Midtown Eco Energy public meeting is Thursday, Dec. 13


Public comment period on controversial biomass burner closes Jan. 14

The Minnesota Pollution Control Agency MPCA) will hold a public meeting on Dec. 13 to give information about and receive public comment on a draft air permit for Kandiyohi Development’s proposed Midtown Eco Energy MEE) project.

The meeting will take place at Holy Trinity Lutheran Church, 2730 E. 31st St., 6–8:30 p.m.

According to an MPCA press release, the electrical-generation plant would burn wood waste, such as wood chips and tree trimmings, 24 hours a day and generate up to 24 megawatts of electricity.

The facility, which would be located in the Phillips neighborhood near East 28th Street and Hiawatha Avenue, has been controversial, with some fearing the burner would use refuse-derived fuel RDF) and that the draft permit allows for unacceptable levels of emissions of various pollutants.

The issues surrounding the Midtown Eco-Energy burner have been discussed at length in various venues, including the Seward e-democracy neighbors forum. Choose topic “Midtown EcoEnergy Project.”)

On that online forum, Robin Garwood, aide to Ward 2 Council Member Cam Gordon, confirmed with MPCA Engineer Paula Connell a statement from Kandiyohi that the MEE permit does not allow the burning of RDF.

Other issues — some of which are addressed in the Seward neighbors forum — still remain and will likely be discussed at the Dec. 13 meeting.

In addition to the public meeting, the MPCA is collecting comments on the draft permit during a second public comment period — following an initial one this summer — that began in late November and closes Jan. 14.

A copy of the draft permit is available online on the MPCA website. Scroll down to the Nov. 16 releases.) Anyone with questions may contact Connell at 651-282-2605.

Information from the developer is available online at www.kandiyo.com/energy.php.

An opposition group, Neighbors Against the Burner, has petitioned for a contested-case hearing; a standing MPCA citizens’ advisory board will decide early next year whether or not the issue will be heard in court, said Connell.

2 thoughts on “Midtown Eco Energy public meeting is Thursday, Dec. 13

  1. Thanks for your coverage on the midtown ecoburner.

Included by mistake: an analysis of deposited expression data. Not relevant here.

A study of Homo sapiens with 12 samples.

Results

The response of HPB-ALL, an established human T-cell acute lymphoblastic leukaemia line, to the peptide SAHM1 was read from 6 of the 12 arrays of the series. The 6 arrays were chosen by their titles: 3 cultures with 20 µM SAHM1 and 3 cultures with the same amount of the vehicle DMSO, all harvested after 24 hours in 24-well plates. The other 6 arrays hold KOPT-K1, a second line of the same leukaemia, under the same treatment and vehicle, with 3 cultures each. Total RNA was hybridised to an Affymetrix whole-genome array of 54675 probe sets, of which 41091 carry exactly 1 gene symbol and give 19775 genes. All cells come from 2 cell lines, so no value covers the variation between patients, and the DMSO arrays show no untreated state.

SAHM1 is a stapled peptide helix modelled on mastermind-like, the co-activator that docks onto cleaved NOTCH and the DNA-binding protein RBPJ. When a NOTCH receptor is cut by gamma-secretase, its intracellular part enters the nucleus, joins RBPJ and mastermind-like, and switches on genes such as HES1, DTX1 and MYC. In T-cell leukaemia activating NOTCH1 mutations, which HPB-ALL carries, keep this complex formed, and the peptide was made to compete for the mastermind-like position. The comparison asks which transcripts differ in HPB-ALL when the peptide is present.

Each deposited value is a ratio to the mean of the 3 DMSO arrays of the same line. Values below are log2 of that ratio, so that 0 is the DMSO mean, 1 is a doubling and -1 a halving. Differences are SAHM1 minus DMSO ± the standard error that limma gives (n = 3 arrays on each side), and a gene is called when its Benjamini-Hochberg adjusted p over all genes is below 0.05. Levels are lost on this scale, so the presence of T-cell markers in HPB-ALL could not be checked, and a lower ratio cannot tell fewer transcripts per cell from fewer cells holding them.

It should be pointed out that regardless if they took
    RDF off the permit or not, the permit still allows for
    1 million pounds of toxic chemicals. Why would that be
    if they are just going to burn wood? The permit also
    specifically allows for wood with glues in it like plywood
    and other pressed wood. In addition, the nano-particulates
    that would be emitted are very dangerous to the health as
    they enter the blood stream and contribute to heart disease,
    asthma, chronic obstructive lung disease etc. And above all,
    officials at District Energy in St. Paul that relies on urban wood
    for their plant has stated repeatedly that there is not enough
    wood in the entire metropolitan area for their own plant
    more than 60% of their operation after which they have to burn
    coal and gas. So where is Michael Krause and Kandiyohi Partners
    going to get enough wood to burn at Eco Midtown? DE has stated there
    is not enough wood for Rock Tenn. There is not enough wood
    to burn at Eco Midtown. The Green Institute dropped this project
    due to it not being feasible. We can only ask what MEE has up its sleeve.

  2. The anonymous commenter introduces more rhetoric than substance.

    There is not enough wood for BOTH Midtown Eco Energy AND Rock-Tenn. According to DP’s 9/9/07 report, however, MEE “have finalized an agreement with a private wood supplier for 50 percent of our fuel supply.” DP also reports that Michael Krause is former director of the Green Institute. One may indeed wonder what environmental “mischief” he has up his sleeve.

    On “toxic” emissions, the MPCA does not wantonly abandon federal or state laws controlling air pollution. If one does not like the laws, target the laws, not someone working within them.

    On nano-particles, look to the diesel trucks and buses running down Hiawatha and Lake Street.

    Information is the antidote to fear.